When cooking all those lovely offerings from your garden, it is hard, no impossible, not to go into rapture about their exquisite taste. It was an unexpected surprise to hear, a few weeks ago, my simple preparations would result in the shock of true conversion status.
Something like this:
I’m referring to beets, and their effects on unsuspecting friends and family. Those unaware of the mighty beet’s persuasive taste.
I didn’t go about this in a subversive way, you understand. WISHING ~ WANTING my unsuspecting prey to change their minds about their tastes in vegetables. It just happened. With smiles and asking for seconds. Two people either without previous history of beets, or without knowledge of how good they can be.
There are two (or three) special ingredients involved, besides the beets themselves – freshly pulled from the garden, and including the greens.
Simply steam the beets and greens (or just the greens, if you’re making, say the balsamic vinegar honeyed beets below) until they are wilted, and the stems are bite-tender. Drain off the steaming water. Add a good lump of quality butter to the pot, the greens, a generous splash of balsamic vinegar, salt and pepper (and a small handful chopped fresh basil if you’ve got it.) Taste, and adjust seasonings. Make sure the buttery, balsamic vinegar flavor is right there on your tongue. It blends sooo beautifully with the earthiness of the beets.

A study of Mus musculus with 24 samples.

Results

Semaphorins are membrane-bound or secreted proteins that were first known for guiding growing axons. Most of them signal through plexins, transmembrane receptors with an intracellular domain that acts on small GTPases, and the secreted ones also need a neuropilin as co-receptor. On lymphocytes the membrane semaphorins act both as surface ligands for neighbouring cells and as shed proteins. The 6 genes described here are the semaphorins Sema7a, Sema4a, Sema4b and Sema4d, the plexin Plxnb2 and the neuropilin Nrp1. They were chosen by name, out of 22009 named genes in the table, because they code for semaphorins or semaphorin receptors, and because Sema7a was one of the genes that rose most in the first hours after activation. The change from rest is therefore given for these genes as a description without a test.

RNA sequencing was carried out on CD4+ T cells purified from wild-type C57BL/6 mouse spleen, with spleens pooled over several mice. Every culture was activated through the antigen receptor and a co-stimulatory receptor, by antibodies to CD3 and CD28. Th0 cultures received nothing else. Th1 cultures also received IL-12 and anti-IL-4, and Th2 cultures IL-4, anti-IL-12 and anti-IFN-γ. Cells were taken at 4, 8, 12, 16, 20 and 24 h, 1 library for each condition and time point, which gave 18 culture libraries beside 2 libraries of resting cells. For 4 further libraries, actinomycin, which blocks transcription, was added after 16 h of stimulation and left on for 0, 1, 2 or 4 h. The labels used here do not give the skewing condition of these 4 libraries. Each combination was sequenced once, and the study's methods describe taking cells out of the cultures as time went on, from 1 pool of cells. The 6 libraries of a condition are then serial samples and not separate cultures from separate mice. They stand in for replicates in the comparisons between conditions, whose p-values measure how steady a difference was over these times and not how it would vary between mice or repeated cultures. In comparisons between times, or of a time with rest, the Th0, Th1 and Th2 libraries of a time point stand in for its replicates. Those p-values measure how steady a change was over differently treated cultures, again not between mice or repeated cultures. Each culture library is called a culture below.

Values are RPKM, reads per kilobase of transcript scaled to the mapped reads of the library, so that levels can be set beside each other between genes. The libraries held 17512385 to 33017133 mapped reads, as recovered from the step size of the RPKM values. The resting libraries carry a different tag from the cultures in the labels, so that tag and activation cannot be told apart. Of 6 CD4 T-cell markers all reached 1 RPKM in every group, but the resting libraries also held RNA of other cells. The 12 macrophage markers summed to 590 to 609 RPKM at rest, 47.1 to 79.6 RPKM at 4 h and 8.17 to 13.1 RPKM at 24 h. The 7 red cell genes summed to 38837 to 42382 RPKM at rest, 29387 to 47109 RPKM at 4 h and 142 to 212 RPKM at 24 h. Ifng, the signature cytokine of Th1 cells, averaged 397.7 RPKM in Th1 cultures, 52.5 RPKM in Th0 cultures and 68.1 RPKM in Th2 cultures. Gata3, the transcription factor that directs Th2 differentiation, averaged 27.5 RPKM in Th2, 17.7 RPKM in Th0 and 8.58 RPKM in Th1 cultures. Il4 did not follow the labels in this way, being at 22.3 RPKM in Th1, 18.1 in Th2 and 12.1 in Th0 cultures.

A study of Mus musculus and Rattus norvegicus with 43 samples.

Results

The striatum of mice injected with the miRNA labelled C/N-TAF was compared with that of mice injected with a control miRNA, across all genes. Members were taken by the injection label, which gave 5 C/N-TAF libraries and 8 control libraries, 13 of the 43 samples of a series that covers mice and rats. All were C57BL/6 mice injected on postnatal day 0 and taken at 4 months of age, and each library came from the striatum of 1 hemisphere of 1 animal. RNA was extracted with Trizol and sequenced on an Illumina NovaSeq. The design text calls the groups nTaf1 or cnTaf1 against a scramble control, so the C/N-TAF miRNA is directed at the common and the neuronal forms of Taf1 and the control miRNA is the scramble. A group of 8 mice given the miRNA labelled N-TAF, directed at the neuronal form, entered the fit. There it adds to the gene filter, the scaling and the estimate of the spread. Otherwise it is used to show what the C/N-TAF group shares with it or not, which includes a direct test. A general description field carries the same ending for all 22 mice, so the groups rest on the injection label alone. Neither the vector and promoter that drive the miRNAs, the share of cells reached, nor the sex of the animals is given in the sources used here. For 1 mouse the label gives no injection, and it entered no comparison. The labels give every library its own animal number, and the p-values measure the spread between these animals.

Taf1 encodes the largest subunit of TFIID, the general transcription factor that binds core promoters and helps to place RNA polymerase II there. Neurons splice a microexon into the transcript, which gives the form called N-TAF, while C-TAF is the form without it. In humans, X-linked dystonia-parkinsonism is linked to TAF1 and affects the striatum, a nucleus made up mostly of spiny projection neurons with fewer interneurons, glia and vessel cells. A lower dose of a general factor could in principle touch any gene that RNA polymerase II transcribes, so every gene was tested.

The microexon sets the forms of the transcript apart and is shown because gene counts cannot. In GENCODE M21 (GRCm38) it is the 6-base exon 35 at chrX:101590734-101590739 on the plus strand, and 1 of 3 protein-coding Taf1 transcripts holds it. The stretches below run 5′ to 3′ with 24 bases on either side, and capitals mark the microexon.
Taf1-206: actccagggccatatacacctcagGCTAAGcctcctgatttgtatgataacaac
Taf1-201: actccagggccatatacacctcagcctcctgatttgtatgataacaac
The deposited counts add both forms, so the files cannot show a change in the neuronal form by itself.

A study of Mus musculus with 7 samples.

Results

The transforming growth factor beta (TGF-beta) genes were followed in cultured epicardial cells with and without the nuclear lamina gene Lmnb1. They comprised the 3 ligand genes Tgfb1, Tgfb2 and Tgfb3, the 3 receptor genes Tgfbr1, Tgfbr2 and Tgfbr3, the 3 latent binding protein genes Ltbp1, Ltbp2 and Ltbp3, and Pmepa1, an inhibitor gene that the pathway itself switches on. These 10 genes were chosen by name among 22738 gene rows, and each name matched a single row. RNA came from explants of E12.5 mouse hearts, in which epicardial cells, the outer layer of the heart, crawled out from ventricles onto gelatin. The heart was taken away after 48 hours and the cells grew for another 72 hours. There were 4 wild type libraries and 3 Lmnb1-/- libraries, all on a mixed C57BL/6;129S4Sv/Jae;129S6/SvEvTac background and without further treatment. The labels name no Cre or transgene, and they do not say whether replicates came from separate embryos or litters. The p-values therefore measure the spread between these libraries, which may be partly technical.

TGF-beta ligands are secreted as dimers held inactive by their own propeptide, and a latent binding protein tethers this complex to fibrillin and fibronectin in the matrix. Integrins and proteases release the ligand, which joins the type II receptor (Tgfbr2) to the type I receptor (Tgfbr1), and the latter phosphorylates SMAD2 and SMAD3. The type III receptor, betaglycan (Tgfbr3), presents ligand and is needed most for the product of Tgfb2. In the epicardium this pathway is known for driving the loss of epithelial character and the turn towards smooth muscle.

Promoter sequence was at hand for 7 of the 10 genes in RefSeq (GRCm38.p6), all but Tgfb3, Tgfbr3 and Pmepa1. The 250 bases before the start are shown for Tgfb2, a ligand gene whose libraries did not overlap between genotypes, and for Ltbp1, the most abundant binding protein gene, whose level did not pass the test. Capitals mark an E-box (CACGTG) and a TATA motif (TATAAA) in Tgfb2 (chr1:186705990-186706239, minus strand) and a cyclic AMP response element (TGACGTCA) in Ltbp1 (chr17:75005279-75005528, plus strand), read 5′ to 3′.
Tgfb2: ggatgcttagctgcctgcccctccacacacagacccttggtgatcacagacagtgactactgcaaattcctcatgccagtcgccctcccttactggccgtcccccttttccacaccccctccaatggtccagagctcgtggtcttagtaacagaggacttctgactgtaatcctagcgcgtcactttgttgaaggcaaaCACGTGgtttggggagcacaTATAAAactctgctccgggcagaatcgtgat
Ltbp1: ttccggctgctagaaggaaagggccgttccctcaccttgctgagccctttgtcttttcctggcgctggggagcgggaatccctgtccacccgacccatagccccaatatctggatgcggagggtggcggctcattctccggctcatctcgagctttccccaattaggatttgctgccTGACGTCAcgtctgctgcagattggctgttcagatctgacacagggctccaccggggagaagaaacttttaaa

Balsamic – Honeyed Beets
This flavor combination really sings. If you’ve read this far, you’ve really got to try it!
- 6-7 cups quartered small to medium beets
- 1/2 c. balsamic vinegar – approximately
- 1/2 c. honey
To your pot of clean (to peel or leave unpeeled, this I leave to you, as for me, I scrub them and cut off the ends) quartered beets, add water to cover and boil until just tender, letting the water reduce as it boils. Do not drain. Add in a good 1/2 c. balsamic vinegar, and about the same of honey. Lower heat and simmer 7-10 minutes more. Taste a beet. Have the flavors permeated it? If so, either ladle into sterilized jars and seal, then boil in water bath for 10 minutes, or, ladle into jars and simply cool to keep in the refrigerator. I had beets last this way throughout the winter, though I recommend the hot water bath to you.